Shelby Twp 6th grader is Mayor of Amphibiville teaching conservation for amphibians

- Tiny mantillas, huge salamanders and colorful dart frogs are just a few of the amphibians greeting visitors at the National Amphibian Conservation Center at the Detroit Zoo.

It's an important part of our environment as amphibians are quickly disappearing. Experts say it's primarily because of climate change.

"All over the world amphibian populations are declining dramatically. We're estimating about half of all amphibian species are considered threatened or endangered right now, and that is a huge problem," said Ruth Marcec, director.

It's a huge problem they're trying to combat with conservation efforts at the center and by trying to engage young people in the community, like the mayor of Amphibiville -- 11-year-old Trinity Favazza.

"Amphibians are actually more sensitive to environmental change than humans and other animals. I think that we need to respect them just like we would respect our friends and family," she said.

Trinity is in sixth grade at Switzer Elementary School in Shelby Township. Two years ago she wrote an essay for the zoo and became the mayor of Amphibiville. Now she's one of only 10 students nationwide to be awarded the President's Environmental Youth Award from the EPA. She visited Washington, D.C. last month to receive the award.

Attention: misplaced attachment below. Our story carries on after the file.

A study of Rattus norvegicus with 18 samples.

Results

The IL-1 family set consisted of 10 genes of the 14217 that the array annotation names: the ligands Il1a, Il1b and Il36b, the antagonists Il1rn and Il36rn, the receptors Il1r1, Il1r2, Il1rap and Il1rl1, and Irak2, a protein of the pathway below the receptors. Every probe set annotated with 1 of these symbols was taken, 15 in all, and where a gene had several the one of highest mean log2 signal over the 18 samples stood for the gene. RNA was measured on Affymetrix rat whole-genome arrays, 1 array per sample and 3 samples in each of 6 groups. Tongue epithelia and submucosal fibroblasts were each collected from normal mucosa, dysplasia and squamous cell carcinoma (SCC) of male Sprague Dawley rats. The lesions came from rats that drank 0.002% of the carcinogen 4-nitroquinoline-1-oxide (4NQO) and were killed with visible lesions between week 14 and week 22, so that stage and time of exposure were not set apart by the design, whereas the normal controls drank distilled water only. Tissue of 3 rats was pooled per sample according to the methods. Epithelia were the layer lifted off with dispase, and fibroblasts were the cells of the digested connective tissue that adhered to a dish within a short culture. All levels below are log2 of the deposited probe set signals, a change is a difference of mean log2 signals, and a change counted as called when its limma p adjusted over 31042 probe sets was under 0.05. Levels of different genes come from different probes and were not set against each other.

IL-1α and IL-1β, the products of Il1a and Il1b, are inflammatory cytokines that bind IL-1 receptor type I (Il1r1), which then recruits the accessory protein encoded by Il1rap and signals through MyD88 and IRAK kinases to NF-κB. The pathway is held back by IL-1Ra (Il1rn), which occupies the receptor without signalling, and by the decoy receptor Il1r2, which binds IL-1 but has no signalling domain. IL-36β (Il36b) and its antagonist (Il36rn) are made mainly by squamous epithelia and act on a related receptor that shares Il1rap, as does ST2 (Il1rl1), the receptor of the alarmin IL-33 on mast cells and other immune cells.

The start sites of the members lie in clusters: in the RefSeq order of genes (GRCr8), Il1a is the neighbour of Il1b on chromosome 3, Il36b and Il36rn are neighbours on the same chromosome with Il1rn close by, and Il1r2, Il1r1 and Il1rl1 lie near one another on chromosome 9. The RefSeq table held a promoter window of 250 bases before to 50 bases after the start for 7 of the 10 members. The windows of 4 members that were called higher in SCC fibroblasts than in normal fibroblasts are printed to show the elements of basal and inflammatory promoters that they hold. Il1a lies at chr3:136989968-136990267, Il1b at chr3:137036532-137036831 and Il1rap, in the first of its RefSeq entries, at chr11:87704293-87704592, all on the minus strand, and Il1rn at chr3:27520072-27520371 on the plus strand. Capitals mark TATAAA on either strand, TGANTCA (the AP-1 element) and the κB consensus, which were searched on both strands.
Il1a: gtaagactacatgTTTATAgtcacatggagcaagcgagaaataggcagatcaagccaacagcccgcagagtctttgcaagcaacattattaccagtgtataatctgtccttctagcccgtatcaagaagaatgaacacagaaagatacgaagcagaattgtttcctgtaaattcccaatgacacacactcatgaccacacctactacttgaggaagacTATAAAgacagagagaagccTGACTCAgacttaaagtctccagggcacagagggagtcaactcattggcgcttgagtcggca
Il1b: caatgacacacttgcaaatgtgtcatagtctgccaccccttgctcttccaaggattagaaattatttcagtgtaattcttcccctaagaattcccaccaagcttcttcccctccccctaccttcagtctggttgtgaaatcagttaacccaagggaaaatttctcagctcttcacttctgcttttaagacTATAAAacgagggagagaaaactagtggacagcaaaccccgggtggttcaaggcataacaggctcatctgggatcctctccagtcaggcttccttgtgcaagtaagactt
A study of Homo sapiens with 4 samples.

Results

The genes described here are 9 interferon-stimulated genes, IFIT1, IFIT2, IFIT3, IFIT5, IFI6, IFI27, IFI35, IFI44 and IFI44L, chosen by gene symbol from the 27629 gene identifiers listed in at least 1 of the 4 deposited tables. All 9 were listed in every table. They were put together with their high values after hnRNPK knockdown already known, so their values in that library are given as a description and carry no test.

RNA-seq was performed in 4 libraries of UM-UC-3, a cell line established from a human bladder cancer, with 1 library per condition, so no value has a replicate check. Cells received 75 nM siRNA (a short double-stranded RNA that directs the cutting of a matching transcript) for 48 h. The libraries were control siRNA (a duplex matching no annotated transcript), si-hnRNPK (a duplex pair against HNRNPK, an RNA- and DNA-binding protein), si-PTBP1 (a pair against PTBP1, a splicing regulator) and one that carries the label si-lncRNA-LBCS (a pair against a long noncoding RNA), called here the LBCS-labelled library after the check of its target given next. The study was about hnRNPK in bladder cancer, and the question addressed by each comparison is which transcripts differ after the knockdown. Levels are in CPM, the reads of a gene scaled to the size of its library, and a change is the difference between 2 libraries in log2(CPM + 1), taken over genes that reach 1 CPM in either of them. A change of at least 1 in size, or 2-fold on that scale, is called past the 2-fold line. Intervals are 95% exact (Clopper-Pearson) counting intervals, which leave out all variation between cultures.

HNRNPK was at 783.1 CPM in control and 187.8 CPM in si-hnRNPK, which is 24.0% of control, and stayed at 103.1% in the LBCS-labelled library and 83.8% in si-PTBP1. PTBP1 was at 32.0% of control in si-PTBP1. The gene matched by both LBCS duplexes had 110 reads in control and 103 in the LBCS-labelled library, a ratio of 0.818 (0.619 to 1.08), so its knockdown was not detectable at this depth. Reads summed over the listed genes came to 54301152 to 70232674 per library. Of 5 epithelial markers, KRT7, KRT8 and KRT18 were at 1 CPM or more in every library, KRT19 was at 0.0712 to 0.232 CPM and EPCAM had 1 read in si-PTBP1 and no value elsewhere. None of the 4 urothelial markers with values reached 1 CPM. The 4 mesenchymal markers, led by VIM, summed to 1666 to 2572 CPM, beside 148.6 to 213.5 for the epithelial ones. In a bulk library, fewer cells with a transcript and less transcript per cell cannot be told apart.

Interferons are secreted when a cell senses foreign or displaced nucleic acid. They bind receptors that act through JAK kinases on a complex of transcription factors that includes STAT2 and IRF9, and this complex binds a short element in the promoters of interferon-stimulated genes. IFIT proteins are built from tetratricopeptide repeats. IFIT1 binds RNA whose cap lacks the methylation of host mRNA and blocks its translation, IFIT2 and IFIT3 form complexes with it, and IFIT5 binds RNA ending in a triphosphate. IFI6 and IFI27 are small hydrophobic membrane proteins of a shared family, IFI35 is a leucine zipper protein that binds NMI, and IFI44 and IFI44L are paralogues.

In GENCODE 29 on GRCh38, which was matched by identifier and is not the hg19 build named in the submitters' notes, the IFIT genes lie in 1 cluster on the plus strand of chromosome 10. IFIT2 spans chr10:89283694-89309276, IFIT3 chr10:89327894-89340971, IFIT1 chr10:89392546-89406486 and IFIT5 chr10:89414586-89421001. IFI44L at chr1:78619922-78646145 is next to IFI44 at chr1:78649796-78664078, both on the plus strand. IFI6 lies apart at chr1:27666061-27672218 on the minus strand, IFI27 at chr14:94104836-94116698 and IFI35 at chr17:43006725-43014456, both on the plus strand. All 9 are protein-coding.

"I was a little nervous at first but I started to think this is amazing, this is going to be one of the biggest memories of my entire life," she said.

It's a national honor but Trinity's love of amphibians started at home visiting fields and streams and frogs with her dad.

"My dad would tell about them to me so ever since then I've grown up with them and I just love them," she said.

She wants others to do the same -- amphibians are critical to controlling mosquitos, bugs and mice. They keep the water and soil clean and plants healthy, but Marcec says global warming is threatening their habitats, their metabolism and making them more susceptible to disease. That's why she says it's so important to get everyone - especially our young people - to care about these creatures now and well into the future. 

"Getting people young involved and getting the community excited about that is critical to our success," she said. "I think together especially with help from people like Trinity, as a community we can all work together to bring them back."

Trinity plans to do her part. Her question is - will you join her?

"We need to make the world a better place and just clean up the environment as much as we can," she said.